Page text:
Prosociality in History and Historiography: PWIAS workshop – October 2014

prosocialityProsociality in History and Historiography: Can Big Gods tip the Balance in World History?

An International Research Roundtable awarded to Dr. Edward Slingerland and Dr. Brenton Sullivan, Department of Asian Studies, University of British Columbia, Vancouver BC

Recent scholarship in the cognitive science of religion, social psychology and anthropology has advanced the hypothesis that the development of large-scale, complex societies has been dependent upon the presence of “Big Gods,” that is, “powerful, omniscient, interventionist, morally concerned gods”.  In tight-knit, hunter-gatherer  societies composed of genetically related or otherwise closely related individuals, kin selection and reciprocal altruism can explain cooperation, or prosociality, among members of the group. In larger, more far-flung societies composed of genetically unrelated, anonymous strangers, however, the mechanisms of kin selection and reciprocity break down. How, then, can we explain the sudden rise of stable cities and social institutions that accompanied the agricultural revolution beginning with the Holocene period nearly 12,000 years ago?

This Roundtable will bring renowned scholars of world history together with experts here at UBC to assess this hypothesis in light of our collective knowledge of history: did the appearance of a Big God in a given social group affect the cooperation and success of that group and thereby propel its growth? The research mentioned above certainly suggests that the answer to this question should be “yes, everything else being equal.” To date, however, insufficient historical data and the lack of a transparent model for interpreting that data have prevented extending these findings to the human past.

For over a half century, historians and sociologists, best represented by Karl Jaspers, S.N. Eisenstadt and Robert Bellah, have also sought out causal explanations for the rise of the world’s major civilizations, and they have often placed religious transformations  at the centre of that research. However, to the extent that that field has addressed gods, it has been to evaluate an opening or distancing of the relationship between the gods and humans that began in the axial age, rather than considering the distinct, anthropomorphic  characteristics  of “Big Gods” or “high gods.”  Moreover, their grand histories are difficult to test empirically, and their insights have failed to convince historians not to eschew theory and cross-cultural explanations of change in exchange for more and more localized, descriptive histories.

More recently, in our era of “Big Data,” several attempts have been made by historians and others outside of sociology to clarify the scope of human evolution and history (e.g. Diamond 2005, Morris 2010; Sanderson and Roberts 2008), although these efforts have typically ignored the role of religion (for an exception, see Wilson 2002). Moreover, all of these projects have suffered from a lack of a single, standardized and expert-verified database of cultural historical data. Our Roundtable will contribute to UBC’s Cultural Evolution of Religion Research Consortium’s (CERC) on-going efforts to rectify these deficiencies by inviting experts from a variety of disciplines to participate in a dialogue about the prospects of comparative history and to address the question of Big Gods in the specific times and places with which they are most familiar. We are particularly interested in the histories of China, India, and Islam, areas in which UBC possesses significant expertise.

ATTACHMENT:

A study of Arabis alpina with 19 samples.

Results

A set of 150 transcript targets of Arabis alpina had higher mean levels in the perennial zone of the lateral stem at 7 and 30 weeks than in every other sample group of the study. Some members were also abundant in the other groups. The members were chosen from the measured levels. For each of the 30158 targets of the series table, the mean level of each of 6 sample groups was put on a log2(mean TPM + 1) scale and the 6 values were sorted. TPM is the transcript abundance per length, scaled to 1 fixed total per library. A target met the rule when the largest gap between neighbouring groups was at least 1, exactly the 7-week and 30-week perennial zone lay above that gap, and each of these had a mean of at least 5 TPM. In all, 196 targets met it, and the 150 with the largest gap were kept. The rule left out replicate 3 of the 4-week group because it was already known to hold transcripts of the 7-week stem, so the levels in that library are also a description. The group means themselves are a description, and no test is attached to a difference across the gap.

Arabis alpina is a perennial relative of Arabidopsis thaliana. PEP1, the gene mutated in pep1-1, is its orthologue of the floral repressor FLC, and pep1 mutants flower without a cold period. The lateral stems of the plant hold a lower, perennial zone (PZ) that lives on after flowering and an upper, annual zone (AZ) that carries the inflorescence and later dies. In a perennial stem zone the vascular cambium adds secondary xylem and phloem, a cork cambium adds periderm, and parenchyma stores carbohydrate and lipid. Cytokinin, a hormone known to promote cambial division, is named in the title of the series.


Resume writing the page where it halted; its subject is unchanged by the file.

Our unique approach intends to encourage historians and other humanities scholars to seriously consider some of the hypotheses and findings coming from the sciences.

The origins of human civilization have fascinated scholars and others for decades and arguably much longer. Hitherto, sociologists, historians, and cognitive scientists have operated in isolated silos, sometimes ignorant of others who were asking similar questions and other times frustrated by their inability to coordinate with them. Our Roundtable will embolden scholars to engage in novel research by asking a common question that derives from the sciences and by incorporating into the Roundtable new methods from the digital humanities as well as more traditional events.

The International Research Roundtable program was created by the Peter Wall Institute for Advanced Studies to offer unique opportunities for UBC and international scholars to explore big ideas, and examine pressing social, health, economic or other research questions, creating the foundation for new and innovative research. The program fosters both basic and applied research, and is designed to ensure that the roundtables are catalytic in the development of new knowledge and potential solutions to important problems. The International Research Roundtables bring together leading scholars, policy makers, scientists and artists from across the globe to develop serious research plans to address specific problems that require interdisciplinary thinking.

This event is also sponsored by the Cultural Evolution of Religion Research Consortium, who are developing the Database of Religious History.